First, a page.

Marine crude oil transport – global voyage losses


Paul Harrison, Consultant to the HMC-4A Marine Oil Transportation Database Committee, presents latest findings from analysis of the 2013 data on marine crude oil transport.

The Energy Institute (EI) HMC- 4A Marine Oil Transportation Database Committee has been collecting and analysing worldwide oil shipping data for over 20 years and meets twice a year. The 2013 autumn meeting was held in Rio de Janeiro, Brazil, last November, hosted by Petrobras, and the spring 2014 meeting was held in Windsor, UK, hosted by BP. The next meeting will be held in Singapore, this November. Committee members submit their voyage measurement data annually. They receive a global analysis and confidential individual company reports. The following member companies submitted data for 2013 – Bazan, BP Oil International, CEPSA, Chevron, Chinese Petroleum Corporation, Eni, ExxonMobil, Koch, Marathon Petroleum, Petrobras, Petrogal (GALP Energia), PetroIneos, Phillips 66, PMI Pemex, Repsol, Saras, Shell, Statoil and Total. The main findings from the global analysis follow.

Database development
Over 1,200 inland US barge movements were reported for 2013. These are being reviewed separately and have not been included in the analysis presented below. The total number of ship voyages reported for 2013 fell to just over 8,100. The number of ship voyages reported with both bill of lading (BOL) and outturn data increased to over 6,000. The reported BOL volume totalled 4.95bn barrels. The volume of crude with complete data fell slightly to 3.8bn barrels, as shown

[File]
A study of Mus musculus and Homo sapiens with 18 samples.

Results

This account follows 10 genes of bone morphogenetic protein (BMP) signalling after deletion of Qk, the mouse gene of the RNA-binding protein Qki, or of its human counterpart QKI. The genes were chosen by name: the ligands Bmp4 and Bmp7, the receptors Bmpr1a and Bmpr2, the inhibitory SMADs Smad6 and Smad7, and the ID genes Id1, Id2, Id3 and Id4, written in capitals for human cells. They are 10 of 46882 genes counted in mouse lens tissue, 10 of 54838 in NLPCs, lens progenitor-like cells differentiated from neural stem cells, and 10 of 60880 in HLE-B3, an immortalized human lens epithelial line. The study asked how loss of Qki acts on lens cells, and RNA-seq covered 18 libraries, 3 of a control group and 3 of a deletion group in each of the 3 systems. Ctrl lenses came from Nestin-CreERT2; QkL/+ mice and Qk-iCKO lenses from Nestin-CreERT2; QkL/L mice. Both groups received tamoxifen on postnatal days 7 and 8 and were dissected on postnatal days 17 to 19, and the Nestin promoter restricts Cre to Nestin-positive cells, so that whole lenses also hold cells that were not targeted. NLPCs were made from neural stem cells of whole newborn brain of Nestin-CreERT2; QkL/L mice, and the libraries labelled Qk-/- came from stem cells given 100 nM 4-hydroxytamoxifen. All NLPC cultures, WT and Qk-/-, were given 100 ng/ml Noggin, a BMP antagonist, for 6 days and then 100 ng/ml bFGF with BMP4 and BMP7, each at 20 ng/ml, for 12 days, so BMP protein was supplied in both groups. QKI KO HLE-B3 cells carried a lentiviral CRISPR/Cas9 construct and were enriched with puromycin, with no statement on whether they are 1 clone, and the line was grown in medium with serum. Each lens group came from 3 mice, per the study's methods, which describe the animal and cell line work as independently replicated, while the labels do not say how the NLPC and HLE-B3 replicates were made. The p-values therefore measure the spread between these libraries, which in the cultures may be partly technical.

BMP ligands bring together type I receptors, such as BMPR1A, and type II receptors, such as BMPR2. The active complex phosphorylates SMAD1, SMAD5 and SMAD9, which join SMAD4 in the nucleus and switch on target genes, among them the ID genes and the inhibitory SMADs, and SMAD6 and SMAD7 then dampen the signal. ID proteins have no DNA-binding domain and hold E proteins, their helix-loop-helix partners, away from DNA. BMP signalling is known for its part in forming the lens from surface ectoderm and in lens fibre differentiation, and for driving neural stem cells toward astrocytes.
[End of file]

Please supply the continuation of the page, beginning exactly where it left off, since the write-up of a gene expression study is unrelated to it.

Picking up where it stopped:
in Figure 1.

The BP Statistical Review of World Energy gives global crude seaborne trade for 2013 as 13.8bn barrels, down about 2.2% compared with 2012. The fall was due mainly to reduced US imports resulting from the growth in shale oil production. The database, therefore, includes approximately 36% of the global volume at BOL and contains complete load and discharge data for just under 28% of estimated global shipped volume.

Global losses
Losses have been falling consistently since 2001 and fell to a record low net standard volume (NSV) loss of –0.161% in 2010 (by convention losses are given as negative). The 2011 figures showed an increased loss of –0.172%. This figure was repeated in 2012 and the 2013 NSV loss of –0.171% is not signficantly different. It should be noted that losses include apparent as well as physical losses. Apparent losses result from the combination of fixed and random errors in the measurement systems used at load and discharge.

Gross or total calculated volume (TCV) loss stayed fairly constant between 2000 and 2007, while water losses continued to fall, reducing NSV loss. Changes in TCV loss have driven NSV losses since 2006. Following reduced losses in 2008, 2009 and 2010, there was a rise from –0.134% in 2010 to –0.149% in 2011 which led to the increased NSV loss for that year; which has been repeated in 2012 and 2013. A slight increase in TCV loss in 2013 was compensated for (in terms of NSV loss) by a small reduction in water loss. See

Figure 2.
TCV loss comprises any real losses due to evaporation plus any apparent losses due to systematic measurement differences. Water loss represents any additional water reported at discharge compared with that reported at load; ie an accounting loss in terms of oil quantity but not a real loss of either oil or water.

Loss comparison
Table 1 gives mean NSV loss and standard deviation for shipments of the most popular crudes in the database (20 or more voyages with full data). The mean of the reported API gravity is also given, together with the overall percentage loss based on reported total barrels shipped. For comparison, figures for NSV loss calculated by voyage are given for 2013 and 2012.